Australia pulled out from a defense contract with France because it had “deep and grave” concerns about the capability of the French-designed Attack-class submarine, Prime Minister Scott Morrison said Sunday.
On Wednesday, the United States, United Kingdom and Australia announced a new security partnership, AUKUS. As part of a new pact, the US and the UK will help Australia develop its own nuclear-powered submarine fleet, which effectively ends Canberra’s $66 billion deal with France on 12 submarines.
Paris has slammed the turnaround on the contract, with French Foreign Minister Jean-Yves Le Drian describing Australia’s withdrawing from the contract as a “stab in the back.”
“They would have had every reason to know that we have deep and grave concerns that the capability being delivered by the Attack-class submarine was not going to meet our strategic interest and we had made very clear that we would be making a decision based on our strategic national interest,” Morrison told a press briefing, as aired by the 9News broadcaster.
Australia had been making its concerns clear for some time, Morrison said.
“This was an issue that had been raised by me directly some months ago and we continued to talk those issues through, including by defense ministers and others. There had been a range of issues earlier in the contract and throughout the contract that we … discussed on numerous occasions,” the prime minister said.
The “strategic judgment based on the best possible of intelligence and defense advice” was that French-designed submarines would not be the best choice, Morrison said.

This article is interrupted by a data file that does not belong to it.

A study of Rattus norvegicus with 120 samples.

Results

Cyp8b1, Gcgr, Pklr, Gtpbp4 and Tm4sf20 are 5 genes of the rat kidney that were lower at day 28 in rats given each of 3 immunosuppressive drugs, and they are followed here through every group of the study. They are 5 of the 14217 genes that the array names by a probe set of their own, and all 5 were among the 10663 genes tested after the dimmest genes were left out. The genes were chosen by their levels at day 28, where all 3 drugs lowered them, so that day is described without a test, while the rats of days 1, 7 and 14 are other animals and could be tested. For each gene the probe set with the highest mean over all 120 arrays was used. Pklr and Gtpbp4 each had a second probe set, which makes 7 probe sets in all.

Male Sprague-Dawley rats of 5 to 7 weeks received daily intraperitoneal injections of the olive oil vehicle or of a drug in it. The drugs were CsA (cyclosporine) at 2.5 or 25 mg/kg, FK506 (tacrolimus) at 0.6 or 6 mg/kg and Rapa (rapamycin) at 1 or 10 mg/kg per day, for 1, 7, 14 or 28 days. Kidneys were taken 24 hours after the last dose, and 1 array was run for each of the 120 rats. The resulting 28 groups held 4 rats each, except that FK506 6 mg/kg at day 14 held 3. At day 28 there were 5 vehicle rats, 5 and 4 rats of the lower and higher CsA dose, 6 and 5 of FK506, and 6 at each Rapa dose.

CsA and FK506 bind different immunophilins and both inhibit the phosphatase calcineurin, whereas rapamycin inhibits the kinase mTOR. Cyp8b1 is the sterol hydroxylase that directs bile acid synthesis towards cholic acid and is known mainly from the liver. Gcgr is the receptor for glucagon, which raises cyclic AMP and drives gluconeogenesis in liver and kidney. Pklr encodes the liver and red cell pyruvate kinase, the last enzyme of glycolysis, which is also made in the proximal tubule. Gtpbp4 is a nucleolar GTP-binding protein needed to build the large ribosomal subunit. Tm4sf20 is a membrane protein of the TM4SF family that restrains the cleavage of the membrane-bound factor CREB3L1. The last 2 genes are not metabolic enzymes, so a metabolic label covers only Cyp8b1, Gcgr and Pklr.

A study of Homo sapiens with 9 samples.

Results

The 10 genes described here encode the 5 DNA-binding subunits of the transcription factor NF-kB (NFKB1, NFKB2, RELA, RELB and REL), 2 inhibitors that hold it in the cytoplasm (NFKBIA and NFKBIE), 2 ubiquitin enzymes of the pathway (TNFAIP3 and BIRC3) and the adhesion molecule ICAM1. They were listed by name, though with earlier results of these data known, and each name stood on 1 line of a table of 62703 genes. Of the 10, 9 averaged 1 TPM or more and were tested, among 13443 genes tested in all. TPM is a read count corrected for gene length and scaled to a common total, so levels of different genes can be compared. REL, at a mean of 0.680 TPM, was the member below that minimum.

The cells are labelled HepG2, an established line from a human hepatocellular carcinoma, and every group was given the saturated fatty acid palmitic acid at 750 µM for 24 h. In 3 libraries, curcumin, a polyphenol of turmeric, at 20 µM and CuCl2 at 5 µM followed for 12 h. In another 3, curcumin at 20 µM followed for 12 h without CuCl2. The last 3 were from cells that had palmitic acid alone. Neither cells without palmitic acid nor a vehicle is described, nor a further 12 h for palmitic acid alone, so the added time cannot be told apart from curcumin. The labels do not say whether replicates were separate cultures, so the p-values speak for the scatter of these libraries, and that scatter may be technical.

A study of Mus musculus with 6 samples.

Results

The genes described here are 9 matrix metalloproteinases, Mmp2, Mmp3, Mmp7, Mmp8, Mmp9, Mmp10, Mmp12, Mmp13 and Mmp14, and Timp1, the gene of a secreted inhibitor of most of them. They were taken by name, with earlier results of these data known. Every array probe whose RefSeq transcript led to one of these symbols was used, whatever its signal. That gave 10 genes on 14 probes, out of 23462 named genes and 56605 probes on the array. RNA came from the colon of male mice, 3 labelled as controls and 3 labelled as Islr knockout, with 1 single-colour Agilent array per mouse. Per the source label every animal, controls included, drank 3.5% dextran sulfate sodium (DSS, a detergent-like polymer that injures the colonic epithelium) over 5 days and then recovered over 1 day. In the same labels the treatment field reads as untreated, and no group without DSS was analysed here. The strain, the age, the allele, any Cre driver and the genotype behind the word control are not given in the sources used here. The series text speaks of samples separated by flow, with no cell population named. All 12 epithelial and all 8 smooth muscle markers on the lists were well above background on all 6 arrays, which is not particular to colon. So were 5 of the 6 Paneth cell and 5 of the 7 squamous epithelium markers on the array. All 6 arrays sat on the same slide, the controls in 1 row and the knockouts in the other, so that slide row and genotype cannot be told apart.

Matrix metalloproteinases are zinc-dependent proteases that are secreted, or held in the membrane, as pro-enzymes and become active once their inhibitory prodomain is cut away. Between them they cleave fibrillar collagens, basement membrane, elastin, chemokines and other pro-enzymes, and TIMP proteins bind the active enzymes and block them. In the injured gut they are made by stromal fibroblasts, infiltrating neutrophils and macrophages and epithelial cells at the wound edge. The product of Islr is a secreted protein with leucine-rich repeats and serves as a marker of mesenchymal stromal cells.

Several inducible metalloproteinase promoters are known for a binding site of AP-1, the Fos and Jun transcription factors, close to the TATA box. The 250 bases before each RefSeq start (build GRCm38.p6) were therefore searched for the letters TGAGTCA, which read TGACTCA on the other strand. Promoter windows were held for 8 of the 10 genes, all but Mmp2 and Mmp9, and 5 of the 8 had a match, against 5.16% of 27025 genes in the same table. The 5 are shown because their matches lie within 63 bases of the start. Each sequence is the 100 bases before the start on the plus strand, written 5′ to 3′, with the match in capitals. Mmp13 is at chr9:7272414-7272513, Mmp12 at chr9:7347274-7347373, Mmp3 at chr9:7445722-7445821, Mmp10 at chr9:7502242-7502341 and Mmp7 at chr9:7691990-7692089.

“And so, therefore, going forward, when we’re able to secure a supreme submarine capability to support our defense operations, it would have been negligent for us not to,” the prime minister said.
Morrison said he understood France’s disappointment, but stressed that the decision was about protecting Australia’s interests. “I don’t regret the decision to put Australia’s national interest first. I never will,” Morrison said.
The French foreign minister said Paris wanted to hear clarifications from Australia and the US. On Friday, Le Drian announced that Paris was recalling its ambassadors from Australia and the US for consultations.
Earlier, British Foreign Secretary Liz Truss said on Saturday she spoke to US Secretary of State Antony Blinken to discuss the new Australian-UK-US defense and security partnership (AUKUS) and Afghanistan, among other topics.
“[The United Kingdom and the United States] are close friends and allies. Great speaking to [Blinken] on issues including welcoming our new AUKUS partnership, continuing to work together on Afghanistan, working to deepen trade and security partnerships with our allies,” Truss said on Twitter.